Sens' Turris: 'Everything about it was perfect for me'
Ottawa centre says he's excited to ink five-year extension to stay in nation's capital
|With a new contract in place, Kyle Turris couldn't be happier to be a part of the Senators lineup through the 2017-18 season. He's capably filled the second-line centre role on the team since his arrival in Ottawa (Getty Images).
Kyle Turris is convinced he's found his "perfect" hockey home.
With that thought in mind, it was an excited Turris who spoke with reporters earlier this afternoon about signing a five-year, $17.5-million extension with the Ottawa Senators. The new deal will keep the 23-year-old native of New Westminster, B.C., in the nation's capital through the 2017-18 season.
"I love it here in Ottawa," said Turris, who has one year left on the contract he signed with the Phoenix Coyotes, who dealt him to the Senators last Dec. 17 in exchange for blueliner David Rundblad and a draft pick. "I love being a part of the organization and the people in it and the hockey team we have here, and I'm looking forward to being here for the next six years and hopefully past that.
"I knew from the end of (last) year that this is the place I wanted to be and I wanted it to be for a long time. I love the city, I love everything about it, the fans ... but most importantly, the organization and everything about it."
The Senators initiated contract talks with Turris over the last three weeks, with the young centre leaving no doubt all the way through where he wanted to stay.
"Everything about it was perfect for me and I really wanted to be here," he said.
The length of the deal is also a clear indication that the Senators consider Turris to be a major part of their future. In 49 games after his arrival from Phoenix, he produced 12 goals and 29 points in establishing himself as the team's second-line centre. In the opening round of the Stanley Cup playoffs, Turris notched the overtime-winning goal in Game 4 against the New York Rangers at Scotiabank Place.
"(Turris) is a young player that we really thought showed great progess as the year went on last year," said Senators general manager Bryan Murray. "We see him as a solid, potentially better than second-line player going forward. We felt this was an opportunity for Kyle, as well as ourselves, to commit to a relationship that allows us to sign one of our core players for a period of time.
"I think he's a creative type of player. He's very competitive ... He gave us a (second-line) centre ice player who was a real complement to Jason Spezza in our No. 1 spot. We like what he delivered. He gave us a chance pretty much every night to have a real creative second line."
Murray also liked the way Turris stepped up in the series against the Rangers.
"At playoff time, you find out a great deal about your players and Kyle is one of those guys that showed up, both from a physical and talent point of view," said Murray. "I thought his overall game really grew as the series went on."
From his first game in a Senators jersey, Turris was given a prominent role in the team's lineup by head coach Paul MacLean. He says now that the confidence MacLean and his teammates showed in him did wonders for a player who never truly found the right fit in Phoenix.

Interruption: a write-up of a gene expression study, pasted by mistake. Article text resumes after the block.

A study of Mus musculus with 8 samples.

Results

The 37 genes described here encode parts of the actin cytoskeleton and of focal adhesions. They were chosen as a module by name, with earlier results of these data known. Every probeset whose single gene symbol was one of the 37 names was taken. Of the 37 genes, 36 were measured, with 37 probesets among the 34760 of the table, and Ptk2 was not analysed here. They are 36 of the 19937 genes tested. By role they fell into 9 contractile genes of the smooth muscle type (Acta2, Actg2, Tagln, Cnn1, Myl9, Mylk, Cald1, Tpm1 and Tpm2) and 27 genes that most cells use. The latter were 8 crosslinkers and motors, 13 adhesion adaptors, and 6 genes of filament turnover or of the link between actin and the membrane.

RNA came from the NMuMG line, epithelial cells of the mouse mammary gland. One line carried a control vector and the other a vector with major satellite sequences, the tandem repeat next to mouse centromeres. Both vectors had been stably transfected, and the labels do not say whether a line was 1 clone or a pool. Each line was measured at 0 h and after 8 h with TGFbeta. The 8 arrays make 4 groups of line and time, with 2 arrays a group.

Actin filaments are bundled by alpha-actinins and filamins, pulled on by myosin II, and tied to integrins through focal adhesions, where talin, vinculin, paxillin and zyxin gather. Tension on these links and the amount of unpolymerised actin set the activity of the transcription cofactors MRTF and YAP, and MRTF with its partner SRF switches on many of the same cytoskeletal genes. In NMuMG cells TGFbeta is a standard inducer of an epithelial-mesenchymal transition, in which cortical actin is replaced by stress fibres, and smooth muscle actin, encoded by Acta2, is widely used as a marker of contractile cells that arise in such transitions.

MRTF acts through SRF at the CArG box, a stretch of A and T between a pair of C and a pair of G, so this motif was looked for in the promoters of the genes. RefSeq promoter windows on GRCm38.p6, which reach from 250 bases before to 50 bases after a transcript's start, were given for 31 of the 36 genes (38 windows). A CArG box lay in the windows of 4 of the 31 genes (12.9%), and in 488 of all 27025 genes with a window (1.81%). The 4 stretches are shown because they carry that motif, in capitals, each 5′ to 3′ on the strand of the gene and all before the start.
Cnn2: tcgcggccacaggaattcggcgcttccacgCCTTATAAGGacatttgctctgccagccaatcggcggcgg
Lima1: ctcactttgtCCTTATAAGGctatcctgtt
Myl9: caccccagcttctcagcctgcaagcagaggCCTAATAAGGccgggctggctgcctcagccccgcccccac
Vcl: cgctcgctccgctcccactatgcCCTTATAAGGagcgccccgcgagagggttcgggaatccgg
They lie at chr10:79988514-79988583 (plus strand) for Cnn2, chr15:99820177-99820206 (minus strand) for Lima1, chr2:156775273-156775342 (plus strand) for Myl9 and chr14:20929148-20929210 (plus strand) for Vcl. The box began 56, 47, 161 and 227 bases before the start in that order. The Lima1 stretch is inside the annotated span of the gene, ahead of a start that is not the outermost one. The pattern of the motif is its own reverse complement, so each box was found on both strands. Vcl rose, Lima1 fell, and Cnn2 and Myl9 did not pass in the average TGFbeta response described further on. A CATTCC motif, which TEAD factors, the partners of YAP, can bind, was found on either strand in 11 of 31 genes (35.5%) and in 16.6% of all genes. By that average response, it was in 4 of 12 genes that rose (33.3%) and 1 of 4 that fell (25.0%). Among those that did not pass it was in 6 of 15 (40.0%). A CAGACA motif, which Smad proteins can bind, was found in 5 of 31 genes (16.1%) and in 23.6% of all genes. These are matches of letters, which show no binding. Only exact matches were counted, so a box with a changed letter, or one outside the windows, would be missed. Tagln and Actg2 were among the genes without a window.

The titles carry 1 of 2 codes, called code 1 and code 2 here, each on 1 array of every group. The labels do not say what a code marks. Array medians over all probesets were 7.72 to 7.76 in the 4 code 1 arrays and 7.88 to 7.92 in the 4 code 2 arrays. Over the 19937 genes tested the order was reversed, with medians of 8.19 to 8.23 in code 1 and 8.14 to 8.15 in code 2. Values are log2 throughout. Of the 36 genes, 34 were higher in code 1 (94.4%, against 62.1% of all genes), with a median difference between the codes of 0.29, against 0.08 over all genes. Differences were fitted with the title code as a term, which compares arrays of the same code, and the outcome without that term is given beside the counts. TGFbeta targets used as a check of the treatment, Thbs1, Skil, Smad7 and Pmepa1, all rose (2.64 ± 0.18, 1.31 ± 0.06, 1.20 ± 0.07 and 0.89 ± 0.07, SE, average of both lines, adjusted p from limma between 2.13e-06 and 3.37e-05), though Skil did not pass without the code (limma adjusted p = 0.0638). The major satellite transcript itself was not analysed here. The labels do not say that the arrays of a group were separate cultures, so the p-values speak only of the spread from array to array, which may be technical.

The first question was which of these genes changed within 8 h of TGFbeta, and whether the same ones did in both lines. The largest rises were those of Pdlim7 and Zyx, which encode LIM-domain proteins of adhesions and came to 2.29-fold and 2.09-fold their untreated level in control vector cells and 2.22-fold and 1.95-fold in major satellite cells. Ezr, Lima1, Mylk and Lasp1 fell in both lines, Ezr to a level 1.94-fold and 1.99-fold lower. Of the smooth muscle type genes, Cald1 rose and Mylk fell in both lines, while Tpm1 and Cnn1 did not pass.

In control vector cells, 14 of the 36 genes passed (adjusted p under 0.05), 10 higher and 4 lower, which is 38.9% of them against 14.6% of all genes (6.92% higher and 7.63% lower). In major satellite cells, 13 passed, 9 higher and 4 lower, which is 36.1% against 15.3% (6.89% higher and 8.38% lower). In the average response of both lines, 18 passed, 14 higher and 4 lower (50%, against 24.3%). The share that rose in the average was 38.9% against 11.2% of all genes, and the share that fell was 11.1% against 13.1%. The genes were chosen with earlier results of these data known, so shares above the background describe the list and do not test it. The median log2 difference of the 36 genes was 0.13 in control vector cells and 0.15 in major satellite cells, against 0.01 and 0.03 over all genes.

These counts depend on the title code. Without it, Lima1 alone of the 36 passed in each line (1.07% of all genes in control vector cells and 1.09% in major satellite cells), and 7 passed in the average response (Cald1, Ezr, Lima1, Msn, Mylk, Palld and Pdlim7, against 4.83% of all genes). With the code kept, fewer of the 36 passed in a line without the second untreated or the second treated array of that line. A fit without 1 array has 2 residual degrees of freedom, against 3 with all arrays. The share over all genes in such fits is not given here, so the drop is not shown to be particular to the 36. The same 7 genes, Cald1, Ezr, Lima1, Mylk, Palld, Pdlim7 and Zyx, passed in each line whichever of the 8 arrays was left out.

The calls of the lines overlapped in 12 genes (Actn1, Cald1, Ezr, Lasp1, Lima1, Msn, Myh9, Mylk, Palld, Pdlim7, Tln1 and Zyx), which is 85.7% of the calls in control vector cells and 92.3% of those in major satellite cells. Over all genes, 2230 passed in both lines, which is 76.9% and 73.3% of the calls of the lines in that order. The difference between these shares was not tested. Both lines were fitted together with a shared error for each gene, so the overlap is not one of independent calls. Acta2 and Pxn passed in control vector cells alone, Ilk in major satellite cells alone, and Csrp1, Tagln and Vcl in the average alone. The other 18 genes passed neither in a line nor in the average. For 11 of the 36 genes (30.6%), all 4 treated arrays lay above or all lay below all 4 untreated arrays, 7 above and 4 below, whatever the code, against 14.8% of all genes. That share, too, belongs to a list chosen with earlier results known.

"It was definitely a confidence booster to be able to not just be put in that role and have that opportunity — which I'm very thankful for to start with — but for them to stick with me," he said. "To be able to play that role for the whole season after I got here ... it's amazing what it does for your confidence and for your self-esteem.
"Ultimately, it makes you a better hockey player, knowing that people have confidence in you and they're allowing you to play the way you can play because they believe in you. I can't thank coach MacLean enough and the guys on the team enough for giving me that opportunity."
Turris also quickly fell in love with Ottawa itself, and he said it was also a significant factor in his decision to commit to the Senators for the long term.
"My fiancee (Julie) and I love it here," said Turris. "We love the (Byward) Market downtown and the Parliament buildings and out here in Kanata, how it's a bit quieter. We live right close to the rink. The people in the city are great and the fans are amazing ... it's where I wanted to be."
The signing of Turris and the seven-year contract inked back in June by Norris Trophy winning blueliner Erik Karlsson — who's only 22 years old — are the types of moves that Murray believes are vital in building a team that's competitive for the long haul.
"We see a great opportunity for growth," Murray said of Turris, who spent much of the summer in Ottawa working on building his strength level. "He's a guy who should be very important and one of our core players going forward. This is one of the things this organization will now try to do, and that is draft or trade for young players, develop them as best we can and secure them for the longer term. This is how you build a contending hockey team.
"We look at a young guy like Kyle as someone who has a lot of growth (left) in him and our projection is we'll like him a lot and he'll be a productive player going forward."